When I was a little girl, I loved going for walks with my father. I remember feeling so secure as he took my teeny, tiny hand in his big calloused palm, looking both ways as we zipped across the streets. I remember his interesting perspectives and made-up stories about the people and animals we passed along the way. I remember feeling so happy, special, and loved.
And I’ll always remember the lesson I learned when I picked up a penny.
My father had an eagle’s eye when it came to spotting coins along the road. He’d lean down, brush the dirt off its surface, hold it up so I could get a good look, and tell me to guess the year it was made. I was usually way off, but it didn’t matter. He would then give me a little story about what happened that year; that was the year the Baltimore Colts moved to Indianapolis, that was the year the first man walked on the moon, that was the year your mother and I got married. Then he’d hand it to me.
“For good luck,” he’d say. And I would slip the coin in my pocket.
One time, I found the coin first. I lucked out because it happened to be from the year my little sister was born. I was so excited as I handed the coin over to him.
“You know what,” he said. “I have all the luck I need. Hold on to it until you find someone who really needs it.”
I don’t remember what I did with that penny, but I thought about it many years later when I was at McDonald’s with my three children.
My youngest boy darted out of line when he spotted a shiny penny over by the window. He was giddy as he handed me the coin.
“You have to pass it on for good luck,” I said.
“To who?” he asked, confused.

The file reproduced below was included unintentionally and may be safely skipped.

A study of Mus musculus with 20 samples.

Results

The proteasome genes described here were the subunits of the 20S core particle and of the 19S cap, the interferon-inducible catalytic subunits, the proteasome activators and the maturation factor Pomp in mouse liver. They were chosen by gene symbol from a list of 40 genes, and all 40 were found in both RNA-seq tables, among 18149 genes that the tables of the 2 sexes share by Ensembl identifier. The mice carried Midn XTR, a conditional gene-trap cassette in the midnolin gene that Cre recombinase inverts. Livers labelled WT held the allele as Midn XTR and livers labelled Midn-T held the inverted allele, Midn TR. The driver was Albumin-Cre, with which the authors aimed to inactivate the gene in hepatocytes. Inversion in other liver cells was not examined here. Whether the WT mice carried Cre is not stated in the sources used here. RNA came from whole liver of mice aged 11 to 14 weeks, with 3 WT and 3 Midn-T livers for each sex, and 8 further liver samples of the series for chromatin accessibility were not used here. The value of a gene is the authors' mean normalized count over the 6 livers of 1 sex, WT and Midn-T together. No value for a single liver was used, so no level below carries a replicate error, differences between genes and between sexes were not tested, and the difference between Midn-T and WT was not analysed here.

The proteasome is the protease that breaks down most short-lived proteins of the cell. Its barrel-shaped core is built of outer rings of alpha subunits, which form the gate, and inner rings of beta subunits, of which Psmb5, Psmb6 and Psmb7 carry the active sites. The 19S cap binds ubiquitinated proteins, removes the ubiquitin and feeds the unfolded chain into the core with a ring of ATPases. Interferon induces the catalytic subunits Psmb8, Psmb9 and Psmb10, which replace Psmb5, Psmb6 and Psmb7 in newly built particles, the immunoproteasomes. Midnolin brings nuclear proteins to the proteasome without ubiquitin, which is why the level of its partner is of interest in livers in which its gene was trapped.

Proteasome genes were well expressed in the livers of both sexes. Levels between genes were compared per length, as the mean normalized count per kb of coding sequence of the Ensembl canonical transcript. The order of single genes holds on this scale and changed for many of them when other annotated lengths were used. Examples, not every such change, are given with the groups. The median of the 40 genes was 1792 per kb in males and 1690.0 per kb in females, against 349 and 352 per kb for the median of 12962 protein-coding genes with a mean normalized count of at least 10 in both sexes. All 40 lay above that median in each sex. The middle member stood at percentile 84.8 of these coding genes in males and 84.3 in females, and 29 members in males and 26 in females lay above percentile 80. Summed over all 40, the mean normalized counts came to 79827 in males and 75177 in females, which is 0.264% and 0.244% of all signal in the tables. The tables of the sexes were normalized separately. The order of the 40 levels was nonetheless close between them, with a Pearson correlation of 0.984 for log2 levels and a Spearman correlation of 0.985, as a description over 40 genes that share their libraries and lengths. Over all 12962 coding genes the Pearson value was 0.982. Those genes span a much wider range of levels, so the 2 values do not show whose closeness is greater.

We were at the front of the line by this time and there on the counter was a donation box for Ronald McDonald House Charities.
“Put it in the box,” I said.
He didn’t quite get how a box counted, so I took the opportunity to explain about charity and what RMHC did for children. I told my kids how the donations went toward Ronald McDonald Houses and Ronald McDonald Family Rooms to help families stay together when a child is sick in the hospital. My son, who had never been to a hospital before, had assumed the whole family could just move into a hospital room together and live there until the child got better. It was a sweet thought, but it just wasn’t the way the world worked.
My little boy couldn’t reach the top of the box but asked me to pick him up so he could put the penny in by himself.
“Can we give more, Mommy?” he asked.
“We certainly can,” I said. And I put all the change I got back from the cashier into the box.
I explained to my kids that there were RMHC donation boxes in McDonald’s all around the world and that every penny counted. When the money is all pooled together, it adds up. And every penny goes toward helping families and giving them the luck, the strength, the hope, and the help to get through whatever it is they are facing.
That donation box left a deep impression on my kids, just as the pennies from heaven I used to find with my father did on me. And now, every time we go to McDonald’s, our spare change goes right into the RMHC donation box. And every time we leave McDonald’s, we feel just a little bit better about ourselves.
See more ways to give back in our Giving Back Guide!